Breaking menstrual tabooA campaign against menstrual exile (Chhaupadi) has helped change the way people view and treat pubescent girls and women in their monthly cycle in Bhageshwor Rural Municipality, Dadeldhura.
A campaign against menstrual exile (Chhaupadi) has helped change the way people view and treat pubescent girls and women in their monthly cycle in Bhageshwor Rural Municipality, Dadeldhura.
Not long ago, menstruation was a subject that no one talked about openly in Bhageshwor. Traditional belief prevailed around the topic, that girls and women going through their monthly periods were impure and they should sequester themselves from the community. And so they spent their time inside tiny sheds, away from their homes, with little or no warm clothes or beddings.
That all has changed now. Menstruation is no longer a taboo in Bhageshwor. Teenage girls no longer miss their schools during their periods, women can go about their daily businesses and most importantly, they are allowed to sleep in their homes.
“It’s all thanks to the Chhui Barsha campaign,” says Shanti Joshi, a women group leader of Bhageshwor Rural Municipality-5. “We are one year into the campaign and a lot has changed since.”
Shanti remembers how menstruating girls and women were banished by the community in the past. Walking past a temple was considered a sin. So was getting near a communal water source.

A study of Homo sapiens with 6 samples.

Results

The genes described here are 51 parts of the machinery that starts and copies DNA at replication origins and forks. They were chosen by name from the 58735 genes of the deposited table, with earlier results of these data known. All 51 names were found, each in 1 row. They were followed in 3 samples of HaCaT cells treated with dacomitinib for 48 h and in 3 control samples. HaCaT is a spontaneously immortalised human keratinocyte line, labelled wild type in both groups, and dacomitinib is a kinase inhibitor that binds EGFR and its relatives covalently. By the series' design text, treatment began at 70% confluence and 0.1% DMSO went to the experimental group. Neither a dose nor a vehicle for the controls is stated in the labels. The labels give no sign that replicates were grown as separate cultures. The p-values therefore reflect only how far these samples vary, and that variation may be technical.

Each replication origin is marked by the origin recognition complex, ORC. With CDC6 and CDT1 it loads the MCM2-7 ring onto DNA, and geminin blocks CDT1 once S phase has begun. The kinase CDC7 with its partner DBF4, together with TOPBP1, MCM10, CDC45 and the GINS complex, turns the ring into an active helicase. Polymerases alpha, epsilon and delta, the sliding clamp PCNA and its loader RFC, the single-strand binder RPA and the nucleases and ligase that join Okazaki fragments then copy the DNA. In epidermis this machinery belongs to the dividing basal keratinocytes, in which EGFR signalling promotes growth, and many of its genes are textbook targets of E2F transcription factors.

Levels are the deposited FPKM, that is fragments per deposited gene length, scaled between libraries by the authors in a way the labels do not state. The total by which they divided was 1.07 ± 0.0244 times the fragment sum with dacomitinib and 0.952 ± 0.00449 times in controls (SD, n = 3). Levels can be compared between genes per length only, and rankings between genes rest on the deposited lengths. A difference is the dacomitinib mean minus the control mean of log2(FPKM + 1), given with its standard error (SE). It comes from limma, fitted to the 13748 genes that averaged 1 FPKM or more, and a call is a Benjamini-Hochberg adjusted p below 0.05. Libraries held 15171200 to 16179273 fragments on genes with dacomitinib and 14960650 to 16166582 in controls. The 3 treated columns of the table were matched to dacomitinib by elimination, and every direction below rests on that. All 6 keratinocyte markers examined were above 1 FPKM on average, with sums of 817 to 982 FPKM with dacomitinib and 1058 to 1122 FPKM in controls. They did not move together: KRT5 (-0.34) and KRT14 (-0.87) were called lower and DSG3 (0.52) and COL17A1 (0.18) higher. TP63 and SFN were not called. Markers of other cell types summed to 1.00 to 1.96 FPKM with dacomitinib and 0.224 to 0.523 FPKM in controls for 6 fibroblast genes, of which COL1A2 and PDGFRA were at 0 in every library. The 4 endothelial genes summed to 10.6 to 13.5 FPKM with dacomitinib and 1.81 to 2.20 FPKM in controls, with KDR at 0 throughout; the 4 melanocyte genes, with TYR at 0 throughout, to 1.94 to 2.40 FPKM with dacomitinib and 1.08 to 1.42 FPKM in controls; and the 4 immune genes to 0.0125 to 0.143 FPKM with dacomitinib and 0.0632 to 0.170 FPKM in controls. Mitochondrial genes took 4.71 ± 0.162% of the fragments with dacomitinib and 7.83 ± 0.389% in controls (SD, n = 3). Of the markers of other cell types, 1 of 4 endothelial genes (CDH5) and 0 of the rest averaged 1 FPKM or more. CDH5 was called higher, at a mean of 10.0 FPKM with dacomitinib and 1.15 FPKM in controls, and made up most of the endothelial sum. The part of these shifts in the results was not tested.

Though Chhaupadi was outlawed by the Supreme Court in 2005, the decision was never implemented until the government last year introduced the law that criminalised the centuries-old practice. The new law gave women of Bhageshwor Rural Municipality the impetus to launch the campaign.
The timing too couldn’t have been more perfect for the campaigners. Bhageshwor residents had recently elected their local representatives and the chairperson of the rural municipality was a woman, Kaushila Bhatta.
Starting the campaign to end Chhaupadi in Bhageshwor was one of the first things that Bhatta did after she got elected. She is proud of that she did.
“We still have more programmes to end Chhaupadi practice completely from Bhageshwor in the coming year,” says Bhatta.
The rural municipality has set aside a budget of Rs 300,000 to give continuity to the campaign this fiscal year.